Josh Windass must bridge the gap between expectation and reality if he is to become a success at Rangers
When the ‘Gers snapped up Windass on a pre-contract agreement in January 2016, excitement swept around Ibrox. It appeared to be a shrewd piece of business to get the promising English youngster on a Bosman (compensation aside).
Six months later, Windass arrived at Auchinehowie off the back of an outstanding season with Accrington Stanley; he found the net 17 times for the Lancashire outfit, playing an integral part in them reaching the playoff finals. It’s no wonder Arsenal were sniffing around him a year prior.
But to say he’s hardly ripped up trees in his debut season at Rangers is an understatement. It’s just not happened for Windass.
Flashes of brilliance against Celtic in an embarrassing defeat at Parkhead, and a few clever assists are as much as I can conjure together when thinking back over his season. One goal in 27 appearances isn’t going to cut it at Ibrox.
With all due respect to Accrington Stanley, this is Rangers. The pressure of playing in front of 50,000 fans every other week, and the expectation of winning every friendly, cup or league – whether it’s Brechin or Barcelona we’re up against – is a far cry from playing to crowds of a few thousand at the Crown Ground week in week out.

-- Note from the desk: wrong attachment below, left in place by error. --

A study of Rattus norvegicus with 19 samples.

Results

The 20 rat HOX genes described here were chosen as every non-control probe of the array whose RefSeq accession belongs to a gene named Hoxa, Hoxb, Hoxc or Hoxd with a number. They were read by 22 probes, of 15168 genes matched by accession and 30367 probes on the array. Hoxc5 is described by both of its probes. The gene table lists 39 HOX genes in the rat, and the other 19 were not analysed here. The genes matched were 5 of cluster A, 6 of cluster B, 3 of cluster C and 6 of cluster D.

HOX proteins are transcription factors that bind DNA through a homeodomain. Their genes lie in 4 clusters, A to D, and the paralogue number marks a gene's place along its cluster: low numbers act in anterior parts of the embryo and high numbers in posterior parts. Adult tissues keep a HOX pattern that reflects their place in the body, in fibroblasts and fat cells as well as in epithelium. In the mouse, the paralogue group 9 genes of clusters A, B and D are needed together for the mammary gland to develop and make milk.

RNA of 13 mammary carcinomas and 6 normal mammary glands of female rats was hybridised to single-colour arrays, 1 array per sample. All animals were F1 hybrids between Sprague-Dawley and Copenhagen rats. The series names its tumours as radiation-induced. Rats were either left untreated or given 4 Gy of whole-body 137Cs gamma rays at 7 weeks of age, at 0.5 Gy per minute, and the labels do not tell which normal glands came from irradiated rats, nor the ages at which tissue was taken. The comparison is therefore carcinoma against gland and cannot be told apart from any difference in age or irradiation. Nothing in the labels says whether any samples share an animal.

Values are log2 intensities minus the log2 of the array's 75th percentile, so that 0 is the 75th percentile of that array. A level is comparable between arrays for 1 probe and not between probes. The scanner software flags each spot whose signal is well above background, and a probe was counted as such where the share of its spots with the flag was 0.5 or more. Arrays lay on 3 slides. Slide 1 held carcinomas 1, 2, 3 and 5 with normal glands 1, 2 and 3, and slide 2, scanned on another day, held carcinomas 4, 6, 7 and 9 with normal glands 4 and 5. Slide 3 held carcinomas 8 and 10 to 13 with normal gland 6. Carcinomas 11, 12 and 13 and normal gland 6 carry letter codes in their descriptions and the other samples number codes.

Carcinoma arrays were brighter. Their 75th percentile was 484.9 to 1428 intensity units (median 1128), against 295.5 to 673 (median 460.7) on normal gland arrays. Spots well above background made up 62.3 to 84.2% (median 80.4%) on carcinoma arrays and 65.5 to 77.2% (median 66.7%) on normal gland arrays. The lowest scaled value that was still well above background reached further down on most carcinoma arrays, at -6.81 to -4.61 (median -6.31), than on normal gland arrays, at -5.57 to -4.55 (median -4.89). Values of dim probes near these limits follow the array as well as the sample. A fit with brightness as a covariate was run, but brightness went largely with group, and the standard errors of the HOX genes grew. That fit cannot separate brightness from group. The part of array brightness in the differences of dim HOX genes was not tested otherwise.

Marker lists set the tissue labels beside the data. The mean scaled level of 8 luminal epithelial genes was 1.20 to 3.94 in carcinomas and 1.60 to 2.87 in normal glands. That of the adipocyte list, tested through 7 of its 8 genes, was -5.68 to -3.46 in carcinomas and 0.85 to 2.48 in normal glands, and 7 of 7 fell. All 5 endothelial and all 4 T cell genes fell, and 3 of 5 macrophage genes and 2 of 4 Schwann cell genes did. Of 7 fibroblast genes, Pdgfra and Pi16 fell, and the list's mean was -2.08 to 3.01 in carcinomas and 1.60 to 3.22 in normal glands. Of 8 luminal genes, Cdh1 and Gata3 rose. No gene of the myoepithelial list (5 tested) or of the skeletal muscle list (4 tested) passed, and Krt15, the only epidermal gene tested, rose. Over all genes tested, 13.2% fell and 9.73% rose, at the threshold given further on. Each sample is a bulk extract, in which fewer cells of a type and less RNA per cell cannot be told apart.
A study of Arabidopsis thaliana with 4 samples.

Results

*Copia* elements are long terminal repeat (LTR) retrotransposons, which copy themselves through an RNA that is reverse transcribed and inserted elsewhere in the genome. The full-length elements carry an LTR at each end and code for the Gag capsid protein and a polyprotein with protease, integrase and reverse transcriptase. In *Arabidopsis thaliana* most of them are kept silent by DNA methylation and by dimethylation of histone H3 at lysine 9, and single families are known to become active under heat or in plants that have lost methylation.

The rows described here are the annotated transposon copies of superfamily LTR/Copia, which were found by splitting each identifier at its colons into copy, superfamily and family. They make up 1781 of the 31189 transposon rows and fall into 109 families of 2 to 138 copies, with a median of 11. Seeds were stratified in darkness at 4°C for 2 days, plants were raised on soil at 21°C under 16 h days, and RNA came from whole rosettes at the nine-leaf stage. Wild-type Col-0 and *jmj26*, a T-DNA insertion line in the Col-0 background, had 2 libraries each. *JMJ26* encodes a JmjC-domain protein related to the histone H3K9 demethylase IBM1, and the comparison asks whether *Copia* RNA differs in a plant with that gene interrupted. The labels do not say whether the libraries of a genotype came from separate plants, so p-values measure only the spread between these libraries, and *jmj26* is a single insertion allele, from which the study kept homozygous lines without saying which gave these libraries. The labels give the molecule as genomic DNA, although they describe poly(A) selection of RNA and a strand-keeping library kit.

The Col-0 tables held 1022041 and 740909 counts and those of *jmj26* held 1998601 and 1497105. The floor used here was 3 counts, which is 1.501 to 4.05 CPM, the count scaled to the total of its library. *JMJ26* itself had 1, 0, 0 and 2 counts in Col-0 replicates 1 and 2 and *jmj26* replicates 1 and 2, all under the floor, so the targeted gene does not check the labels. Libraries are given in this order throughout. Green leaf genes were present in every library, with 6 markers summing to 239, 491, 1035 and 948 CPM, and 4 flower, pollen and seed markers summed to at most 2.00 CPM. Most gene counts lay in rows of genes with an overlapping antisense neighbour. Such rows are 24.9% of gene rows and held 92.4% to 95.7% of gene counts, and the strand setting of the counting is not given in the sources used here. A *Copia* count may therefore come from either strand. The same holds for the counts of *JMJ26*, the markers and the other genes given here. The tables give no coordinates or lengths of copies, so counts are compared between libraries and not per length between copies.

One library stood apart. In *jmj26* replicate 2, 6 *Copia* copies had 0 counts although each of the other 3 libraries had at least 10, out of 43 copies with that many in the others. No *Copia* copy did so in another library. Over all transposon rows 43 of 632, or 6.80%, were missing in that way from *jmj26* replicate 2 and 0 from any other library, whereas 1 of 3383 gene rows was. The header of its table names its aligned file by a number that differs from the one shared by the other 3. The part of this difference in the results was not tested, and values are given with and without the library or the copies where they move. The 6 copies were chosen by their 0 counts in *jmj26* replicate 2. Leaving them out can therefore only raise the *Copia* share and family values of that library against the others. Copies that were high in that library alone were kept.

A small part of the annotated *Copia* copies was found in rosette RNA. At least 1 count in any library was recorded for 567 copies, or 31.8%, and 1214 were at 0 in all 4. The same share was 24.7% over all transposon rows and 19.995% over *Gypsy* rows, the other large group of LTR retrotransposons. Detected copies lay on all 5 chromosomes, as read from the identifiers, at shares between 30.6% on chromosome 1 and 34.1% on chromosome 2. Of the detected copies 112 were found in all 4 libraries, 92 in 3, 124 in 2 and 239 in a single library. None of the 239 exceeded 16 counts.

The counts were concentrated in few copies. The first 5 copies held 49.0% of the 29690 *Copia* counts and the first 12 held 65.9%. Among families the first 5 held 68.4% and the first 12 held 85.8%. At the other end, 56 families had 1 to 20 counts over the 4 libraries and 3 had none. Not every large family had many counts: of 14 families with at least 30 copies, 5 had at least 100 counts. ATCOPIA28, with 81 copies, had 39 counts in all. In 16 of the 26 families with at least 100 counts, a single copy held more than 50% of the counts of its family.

If Windass is to hold a place down in Pedro Caixinha’s team this year, he’ll have to get used to this, and pronto.
There’s no doubt the young Englishmen has ability. His lightning pace and direct play is something that will appeal to Caixinha’s style of play.
The Rangers manager announced his Europa league squad this week with the exception of some notable figures from last season’s team. Andy Halliday, Rob Kiernan, Harry Forrester, Michael O’Halloran, Joe Dodoo, and former Stanley teammate Matt Crooks were all absent from the submitted squad, casting a huge shadow of doubt over their Rangers futures.
The fact Windass has survived the cull, for now, says a lot for his future at Rangers. He’s now one year into his tenor at the club and it’s about time he got to grips with what it means to be a Ranger.
I’ve got no doubt about his ability. But it’s time to put it into practice and show the fans what the real Josh Windass has to offer.